Jan. 18, 2024
If a parent is relocating more than 50 miles from his/ her current residence, then that parent may petition the Court to relocate for the purposes of developing a long distance parenting plan. This also applies to the parent who does not have seek to relocate with the Child(ren). The relocation statutes applies if a divorce/ paternity proceeding has been filed and is pending in Florida or if a Florida Court has already established a permanent parenting plan which a parent is now seeking to modify.
By way of example, let’s say that the parents have a permanent Florida parenting plan which provides both parents with substantial timesharing. Further, both parents regularly exercise timesharing with their Child and both are closely bonded with the Child; and both parents are financially supporting their Child. Parent “A” wants to relocate to a Florida city which is more than 50 miles from his/ her current residence. Parent “A” will earn more money and clearly improve the economic quality of life of the Child and himself if permitted to relocate. On the other hand, Parent “B” has a very closely bonded relationship with the Child, and she also has been the primary nurturer of the Child since birth. Would the Court permit relocation? The economic improvement of a Child’s quality of life versus the bonded relationship with the non-relocating parent are two competing interests. In my opinion, the Court would need more evidence such as whether the relocating parent has a history of successful co-parenting with Parent “B”; and/ or whether Parent “B” has family in her neighborhood who are also closely bonded with the Child and/ or Parent “B” cannot transfer her job to the new city.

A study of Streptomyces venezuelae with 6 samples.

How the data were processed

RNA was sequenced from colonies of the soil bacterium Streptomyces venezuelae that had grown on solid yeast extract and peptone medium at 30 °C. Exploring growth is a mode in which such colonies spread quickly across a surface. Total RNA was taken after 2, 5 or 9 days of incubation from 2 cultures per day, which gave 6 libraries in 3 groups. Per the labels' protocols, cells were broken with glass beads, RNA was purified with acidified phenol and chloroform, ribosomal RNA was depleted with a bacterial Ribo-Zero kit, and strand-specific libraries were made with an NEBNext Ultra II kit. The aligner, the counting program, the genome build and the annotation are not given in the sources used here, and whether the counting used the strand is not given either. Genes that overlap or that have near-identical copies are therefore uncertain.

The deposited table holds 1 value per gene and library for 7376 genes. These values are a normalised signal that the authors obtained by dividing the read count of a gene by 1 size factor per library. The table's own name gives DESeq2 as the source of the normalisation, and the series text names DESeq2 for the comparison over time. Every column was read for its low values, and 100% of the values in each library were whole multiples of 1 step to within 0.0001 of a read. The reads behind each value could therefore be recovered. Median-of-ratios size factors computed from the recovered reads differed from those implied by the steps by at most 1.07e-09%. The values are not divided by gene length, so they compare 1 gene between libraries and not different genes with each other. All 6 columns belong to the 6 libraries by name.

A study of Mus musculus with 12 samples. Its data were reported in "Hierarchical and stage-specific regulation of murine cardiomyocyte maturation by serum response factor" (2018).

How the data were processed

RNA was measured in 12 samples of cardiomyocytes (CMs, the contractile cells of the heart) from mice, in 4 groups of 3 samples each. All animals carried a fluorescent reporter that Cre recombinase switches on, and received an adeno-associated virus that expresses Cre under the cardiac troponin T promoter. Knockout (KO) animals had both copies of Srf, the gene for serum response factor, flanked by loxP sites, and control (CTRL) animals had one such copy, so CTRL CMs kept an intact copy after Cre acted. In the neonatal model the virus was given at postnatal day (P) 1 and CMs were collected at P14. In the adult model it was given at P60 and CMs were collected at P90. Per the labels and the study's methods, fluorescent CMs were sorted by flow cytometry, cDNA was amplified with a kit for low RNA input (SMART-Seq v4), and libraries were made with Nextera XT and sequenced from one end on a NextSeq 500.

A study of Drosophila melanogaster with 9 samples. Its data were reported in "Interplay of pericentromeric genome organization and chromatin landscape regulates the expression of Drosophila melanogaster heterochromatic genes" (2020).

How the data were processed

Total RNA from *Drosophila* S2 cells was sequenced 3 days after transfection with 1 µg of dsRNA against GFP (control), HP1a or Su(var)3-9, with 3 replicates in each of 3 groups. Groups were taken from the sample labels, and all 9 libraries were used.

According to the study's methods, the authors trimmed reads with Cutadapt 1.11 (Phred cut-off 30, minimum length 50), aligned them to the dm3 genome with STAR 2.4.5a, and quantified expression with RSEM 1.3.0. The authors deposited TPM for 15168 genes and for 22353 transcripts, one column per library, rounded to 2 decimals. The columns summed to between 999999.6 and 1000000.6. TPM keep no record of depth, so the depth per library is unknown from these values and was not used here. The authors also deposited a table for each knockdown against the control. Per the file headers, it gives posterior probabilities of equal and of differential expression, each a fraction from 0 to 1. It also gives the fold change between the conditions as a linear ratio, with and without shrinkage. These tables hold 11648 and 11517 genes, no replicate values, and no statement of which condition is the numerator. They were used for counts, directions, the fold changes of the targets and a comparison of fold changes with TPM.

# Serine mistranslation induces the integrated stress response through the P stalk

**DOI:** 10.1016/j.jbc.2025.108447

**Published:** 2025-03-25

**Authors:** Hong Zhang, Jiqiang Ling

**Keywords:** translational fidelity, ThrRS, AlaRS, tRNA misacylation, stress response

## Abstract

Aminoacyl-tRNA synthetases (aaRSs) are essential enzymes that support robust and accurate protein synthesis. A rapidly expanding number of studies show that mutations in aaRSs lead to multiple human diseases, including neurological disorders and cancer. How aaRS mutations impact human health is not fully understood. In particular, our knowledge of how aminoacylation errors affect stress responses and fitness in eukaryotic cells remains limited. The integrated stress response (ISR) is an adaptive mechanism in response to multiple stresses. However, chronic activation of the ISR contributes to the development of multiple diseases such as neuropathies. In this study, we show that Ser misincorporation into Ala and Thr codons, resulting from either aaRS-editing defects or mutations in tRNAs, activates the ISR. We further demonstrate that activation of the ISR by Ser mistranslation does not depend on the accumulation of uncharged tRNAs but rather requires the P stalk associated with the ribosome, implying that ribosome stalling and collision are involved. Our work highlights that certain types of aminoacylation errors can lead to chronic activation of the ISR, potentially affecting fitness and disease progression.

What if the Court denies Parent A’s request for relocation but he relocates anyway without the Child? Can the Court then grant long distance timesharing between Child and Parent “A”. If the Petition for Relocation is denied, and if Parent “A” did not also file a “modification” of the Parenting Plan to allow for long distance timesharing, then the Court cannot then grant long distance timesharing. Make sure you speak with counsel if you are seeking to relocate.
Relocation hearings are the most difficult cases for a Court because the Judge knows that his/ her decision will impact the family dynamics. I have handled numerous relocation cases. If you are in need of legal advice, please do not hesitate to call upon me to discuss the particulars of your situation.